Why is digital ownership a disaster for gamers?

In less than a week, Sony has given us two timely reminders about how dangerous digital “ownership” can be — and both reminders involve stuff on PlayStation.

Sony said last week that due to content licensing “provisions”, users will no longer be able to watch Discovery content they have purchased and that the content will be removed from their libraries as of December 31, 2023. The list of shows that will suddenly disappear due to corporate agreements is very long. Shows disappearing from streaming services is a common thing, but in this case, people lose access to shows they purchased to watch on-demand whenever they want.

Then on Monday, several users were unexpectedly locked out of their PlayStation Network accounts, meaning they were not only banned from playing multiplayer games or using cloud streaming, but they were also locked out of games they had purchased digitally from the PlayStation Marketplace. Sony. Affected users, who may have spent years building a robust digital library, suddenly found themselves denied access to content they had purchased through no fault of their own. Sony has apparently since restored account access to people who were accidentally banned, but the company has not explained what happened or explained how it can prevent similar unexpected bans in the future. (Sony did not respond to our multiple requests for comment.)

The demise of digital “ownership” is not a new problem. Although downloading and accessing digital content is often easier than going out and purchasing a physical copy of the game in a store, you are putting your trust in the platform owners to maintain their digital storefronts, the content on those storefronts, and their account systems so your access Always works.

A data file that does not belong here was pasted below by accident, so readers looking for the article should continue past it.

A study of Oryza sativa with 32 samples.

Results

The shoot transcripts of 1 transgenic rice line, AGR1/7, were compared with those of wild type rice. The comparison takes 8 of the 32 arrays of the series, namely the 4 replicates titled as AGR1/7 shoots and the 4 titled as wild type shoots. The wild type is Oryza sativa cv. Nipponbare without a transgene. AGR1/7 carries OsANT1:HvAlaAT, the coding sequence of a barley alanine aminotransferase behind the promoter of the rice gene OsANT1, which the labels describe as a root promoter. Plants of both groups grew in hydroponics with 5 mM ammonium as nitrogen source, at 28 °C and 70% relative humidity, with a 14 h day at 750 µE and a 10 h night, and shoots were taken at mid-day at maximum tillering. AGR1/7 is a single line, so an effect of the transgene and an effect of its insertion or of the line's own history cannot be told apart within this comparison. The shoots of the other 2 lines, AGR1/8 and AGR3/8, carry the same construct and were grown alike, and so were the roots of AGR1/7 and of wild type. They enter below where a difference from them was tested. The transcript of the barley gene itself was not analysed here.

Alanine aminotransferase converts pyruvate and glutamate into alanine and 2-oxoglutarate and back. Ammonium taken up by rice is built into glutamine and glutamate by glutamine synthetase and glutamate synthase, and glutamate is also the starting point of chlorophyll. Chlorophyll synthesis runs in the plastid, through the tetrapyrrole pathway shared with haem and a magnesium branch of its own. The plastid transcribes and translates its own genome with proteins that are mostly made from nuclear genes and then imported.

The recent closure of the Nintendo eShop online stores for the Wii U and 3DS was a stark reminder of the power of companies to decide when you can buy digital content. While you can always re-download Wii U and 3DS games you’ve purchased, it seems inevitable that Nintendo will stop letting you one day. (It does plan to shut down online services for those platforms, after all.) And do you remember when Google shut down Stadia?

However, these recent PlayStation incidents are all the more infuriating because of their suddenness and seeming unfairness. With Discovery Content, Sony gives users a few weeks to watch their purchased shows one last time before removing them from their library. Sony does not offer any compensation for titles you have already purchased or a way to transfer those purchases to another store. The PlayStation account ban was unexpectedly quick, and while most cases were resolved within hours, Sony has yet to share any public communications about what happened or why users should continue to trust the platform.

I’ve been fully invested in digital content for years. I don’t like the bulk of the actual boxes, and I like being able to change games and movies without having to get up from the couch. But after seeing more examples of companies removing “purchased” digital content — making my digital purchases a long-term rental — I’m seriously considering going back to buying discs and cartridges.